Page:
Synopsis: A recent article in the Times suggested that discretionary fund managers are refusing to accept instructions from attorneys. In this article we explore the extent of an attorney’s ability to delegate their authority.

Date posted: Monday, June 22, 2015

An article in the Times this weekend alleged that discretionary fund managers are routinely refusing to accept instructions from attorneys acting under a lasting or enduring power on the basis that attorneys do not have power to delegate – thereby forcing attorneys to close investment accounts to the financial detriment of the account holders.

It is a basic principle of the law of agency that an attorney cannot delegate their authority. Such a duty is imposed because of the discretion and trust reposed in the attorney(s) by the donor.

However, there are exceptions to this general rule and, like any other agent, an attorney acting under an LPA has an implied power in certain circumstances to delegate:

  • any functions which are of a purely administrative nature and do not involve or require the exercise of discretion
  • any functions which the donor would not expect the attorney to attend to personally, or
  • through necessity or unforeseen circumstances (although caution should be exercised before relying on this exception)

This position is reinforced by the Mental Capacity Act Code of Practice which states at 7.62 that ‘in certain circumstances, attorneys may have limited powers to delegate (for example, through necessity or unforeseen circumstances, or for specific tasks which the donor would not have expected the attorney to attend to personally)’.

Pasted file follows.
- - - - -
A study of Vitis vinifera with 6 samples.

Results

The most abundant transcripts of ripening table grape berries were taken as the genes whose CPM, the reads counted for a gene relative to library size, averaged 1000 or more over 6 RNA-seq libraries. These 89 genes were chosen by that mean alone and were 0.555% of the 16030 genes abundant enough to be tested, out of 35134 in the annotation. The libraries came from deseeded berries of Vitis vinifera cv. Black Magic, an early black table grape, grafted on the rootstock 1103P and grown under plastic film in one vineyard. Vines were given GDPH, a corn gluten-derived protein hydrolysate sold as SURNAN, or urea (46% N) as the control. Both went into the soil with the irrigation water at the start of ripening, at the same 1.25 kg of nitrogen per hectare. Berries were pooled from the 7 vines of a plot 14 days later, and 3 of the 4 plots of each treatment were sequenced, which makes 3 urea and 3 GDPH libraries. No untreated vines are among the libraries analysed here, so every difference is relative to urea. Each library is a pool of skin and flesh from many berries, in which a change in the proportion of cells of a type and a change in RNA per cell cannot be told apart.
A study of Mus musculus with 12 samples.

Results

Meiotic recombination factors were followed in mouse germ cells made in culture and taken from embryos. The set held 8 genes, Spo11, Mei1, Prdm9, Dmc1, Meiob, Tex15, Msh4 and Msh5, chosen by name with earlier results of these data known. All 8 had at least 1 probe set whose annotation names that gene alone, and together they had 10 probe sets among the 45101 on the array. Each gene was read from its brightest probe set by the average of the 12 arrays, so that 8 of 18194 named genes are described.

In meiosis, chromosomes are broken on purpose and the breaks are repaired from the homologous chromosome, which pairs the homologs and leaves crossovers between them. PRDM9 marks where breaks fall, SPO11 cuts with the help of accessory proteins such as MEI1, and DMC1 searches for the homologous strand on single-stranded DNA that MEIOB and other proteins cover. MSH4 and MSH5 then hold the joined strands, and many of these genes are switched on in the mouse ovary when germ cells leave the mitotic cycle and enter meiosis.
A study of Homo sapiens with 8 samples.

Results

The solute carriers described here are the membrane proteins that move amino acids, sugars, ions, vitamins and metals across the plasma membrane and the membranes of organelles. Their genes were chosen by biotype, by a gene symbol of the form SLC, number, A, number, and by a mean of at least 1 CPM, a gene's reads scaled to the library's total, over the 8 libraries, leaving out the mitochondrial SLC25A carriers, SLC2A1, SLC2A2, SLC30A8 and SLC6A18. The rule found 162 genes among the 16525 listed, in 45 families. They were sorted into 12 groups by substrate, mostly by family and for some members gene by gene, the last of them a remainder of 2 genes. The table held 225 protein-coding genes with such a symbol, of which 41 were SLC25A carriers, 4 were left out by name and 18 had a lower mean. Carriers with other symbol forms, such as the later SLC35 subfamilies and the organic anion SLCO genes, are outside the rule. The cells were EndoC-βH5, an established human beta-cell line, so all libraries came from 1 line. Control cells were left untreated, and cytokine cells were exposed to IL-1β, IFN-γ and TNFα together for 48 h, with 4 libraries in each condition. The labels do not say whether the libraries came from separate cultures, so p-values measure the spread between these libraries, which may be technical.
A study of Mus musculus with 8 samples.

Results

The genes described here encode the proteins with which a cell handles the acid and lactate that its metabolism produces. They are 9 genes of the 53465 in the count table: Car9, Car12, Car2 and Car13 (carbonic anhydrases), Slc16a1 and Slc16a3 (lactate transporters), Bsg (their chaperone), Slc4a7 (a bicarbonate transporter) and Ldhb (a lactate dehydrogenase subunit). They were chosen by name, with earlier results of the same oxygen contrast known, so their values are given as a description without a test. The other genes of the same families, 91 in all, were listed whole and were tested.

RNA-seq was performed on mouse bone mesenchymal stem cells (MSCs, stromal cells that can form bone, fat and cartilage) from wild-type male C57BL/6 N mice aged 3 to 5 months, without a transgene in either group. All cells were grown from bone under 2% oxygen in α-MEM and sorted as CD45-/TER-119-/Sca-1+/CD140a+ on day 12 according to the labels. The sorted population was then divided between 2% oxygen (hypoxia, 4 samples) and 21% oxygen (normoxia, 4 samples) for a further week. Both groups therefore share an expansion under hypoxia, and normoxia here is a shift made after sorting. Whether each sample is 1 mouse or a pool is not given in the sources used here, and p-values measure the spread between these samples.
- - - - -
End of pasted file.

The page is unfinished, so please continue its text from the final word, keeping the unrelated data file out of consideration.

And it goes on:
Assuming then that a donor would not be expected to personally attend to the management of an investment portfolio, this would suggest that an attorney does in fact have the authority to delegate investment management to a discretionary fund manager (DFM) and that any DFM who does refuse to act on the instructions of an attorney is misguided.

Even if the duty not to delegate is strictly interpreted, it is clear that it is possible for a donor to expressly authorise an attorney to delegate an investment (or indeed any discretionary) function and in cases where this is important to the donor, this may therefore be a prudent measure.


As reported in our earlier bulletin here, poor levels of understanding of LPAs among professional groups is rife and the Government has recently accepted the recommendation of a House of Lords committee that public and private sector bodies should be ‘educated’ to address this. This initiative may go some way to alleviating the problems that are reported as being experienced by some attorneys in relation to the delegation of investment function.